Members of The Church of Jesus Christ of Latter-day Saints joined a Jewish group for a Friday night Shabbat service in a Mormon meetinghouse in Irvine, California, Friday, October 13, 2017. It was the last time the Jewish congregation would meet at the Church stake center where it had been meeting for the past year, while its synagogue was undergoing renovation.

“Giving Thanks to Our Mormon Friends” was the title of the Shabbat service sermon by Rabbi Richard Steinberg of the Shir-Ha-Ma’alot (SHM) Jewish congregation. More than 200 Jews and Mormons welcomed each other with expressions of gratitude, handshakes and Shabbat greetings.

                                 

President Tait Eyre of the Irvine California Stake heard the Jewish congregation needed a place to meet and offered the Church meetinghouse as an option. “Our purpose for doing this was to strengthen our relationship between our faiths,” said President Eyre.

The Jewish congregation met at the building on Friday nights and Saturday mornings as part of their Jewish Sabbath worship when the facilities were typically not being used. Rabbi Steinberg said the Mormon congregation “opened the door with love and kindness.”

Church leaders would be there to host the Jewish congregation each time they met in the building. Members who came to host would help clean, prepare classrooms and even join in the services.

Throughout the year, Rabbi Steinberg said he had gained a greater understanding of why Mormons want to share the truths they believe. Yet, he said they refrained from proselytizing “in order to achieve a higher religious value.” In his Shabbat sermon, Rabbi Steinberg pointed out that the Mormon missionaries in attendance had even assisted with their High Holy Days.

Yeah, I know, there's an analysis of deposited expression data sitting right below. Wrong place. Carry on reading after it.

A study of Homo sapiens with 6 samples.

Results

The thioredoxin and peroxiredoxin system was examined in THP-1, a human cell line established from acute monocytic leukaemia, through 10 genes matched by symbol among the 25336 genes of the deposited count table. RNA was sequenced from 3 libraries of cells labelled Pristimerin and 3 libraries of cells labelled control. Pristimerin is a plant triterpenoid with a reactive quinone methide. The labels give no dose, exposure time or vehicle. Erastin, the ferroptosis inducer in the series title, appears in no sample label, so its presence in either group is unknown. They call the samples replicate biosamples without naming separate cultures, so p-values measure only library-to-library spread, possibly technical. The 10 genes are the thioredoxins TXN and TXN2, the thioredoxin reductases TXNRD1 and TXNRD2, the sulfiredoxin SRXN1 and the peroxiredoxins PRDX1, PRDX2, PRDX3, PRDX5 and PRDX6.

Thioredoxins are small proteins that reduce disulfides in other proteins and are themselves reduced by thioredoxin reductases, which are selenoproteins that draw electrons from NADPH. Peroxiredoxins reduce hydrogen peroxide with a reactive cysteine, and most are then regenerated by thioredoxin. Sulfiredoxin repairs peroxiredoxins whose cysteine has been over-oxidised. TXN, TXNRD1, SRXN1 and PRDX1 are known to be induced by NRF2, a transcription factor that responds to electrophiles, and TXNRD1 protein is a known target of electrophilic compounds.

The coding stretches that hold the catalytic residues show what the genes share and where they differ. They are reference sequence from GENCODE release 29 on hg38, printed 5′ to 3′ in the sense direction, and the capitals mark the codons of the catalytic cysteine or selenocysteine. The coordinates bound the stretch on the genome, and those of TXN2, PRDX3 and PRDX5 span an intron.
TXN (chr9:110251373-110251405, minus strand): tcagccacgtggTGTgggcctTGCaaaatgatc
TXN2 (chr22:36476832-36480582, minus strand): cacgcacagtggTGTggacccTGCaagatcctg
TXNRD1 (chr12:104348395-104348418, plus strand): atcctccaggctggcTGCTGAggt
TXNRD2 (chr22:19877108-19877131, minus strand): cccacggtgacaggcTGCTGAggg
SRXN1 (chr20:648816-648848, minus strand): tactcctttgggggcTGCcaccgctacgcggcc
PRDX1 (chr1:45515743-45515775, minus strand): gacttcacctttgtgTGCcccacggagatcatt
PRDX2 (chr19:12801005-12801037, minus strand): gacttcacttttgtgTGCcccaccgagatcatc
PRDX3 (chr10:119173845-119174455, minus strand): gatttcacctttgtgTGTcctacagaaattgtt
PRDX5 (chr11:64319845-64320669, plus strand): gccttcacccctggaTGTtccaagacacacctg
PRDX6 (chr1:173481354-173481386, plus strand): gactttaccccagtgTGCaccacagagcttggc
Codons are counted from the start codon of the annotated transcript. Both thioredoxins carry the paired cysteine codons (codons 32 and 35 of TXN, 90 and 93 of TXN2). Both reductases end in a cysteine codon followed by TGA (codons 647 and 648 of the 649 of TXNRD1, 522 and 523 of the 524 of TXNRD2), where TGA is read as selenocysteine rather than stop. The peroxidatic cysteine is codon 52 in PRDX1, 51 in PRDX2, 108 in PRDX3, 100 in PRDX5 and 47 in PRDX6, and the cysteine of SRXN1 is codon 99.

As an expression of gratitude, Rabbi Steinberg pronounced a blessing upon the Latter-day Saints in attendance. He said SHM plans to dedicate a space in its new synagogue in honor of the Church as a reminder that its “graciousness, hospitality and kindness are a model for all religions.” The Mormon congregation was also invited to attend the grand opening of the new synagogue.

Rabbi Steinberg expressed a hope that “the world around would see the friendship between these two communities as a model.”

“It’s been a remarkable feeling of closeness that has never faded for the entire year,” said Marty Hart from SHM, who attended Shabbat services and Torah study on a regular basis at the meetinghouse.  

“I enjoyed it every time I attended,” said Kenny Giuliani, a Mormon who had opportunities to serve as a host. “Even though the way we worship may be a little different, one thing that definitely unites us is love and respect for others’ religious views and beliefs.”

“We all had the opportunity to learn, with appreciation and gratitude, that we have much more in common than many may have suspected and more around which we can unite,” said Larry Gassin, a Latter-day Saint who coordinated the building sharing for the year.

                                            

The Shabbat service ended with the congregation interlocking arms.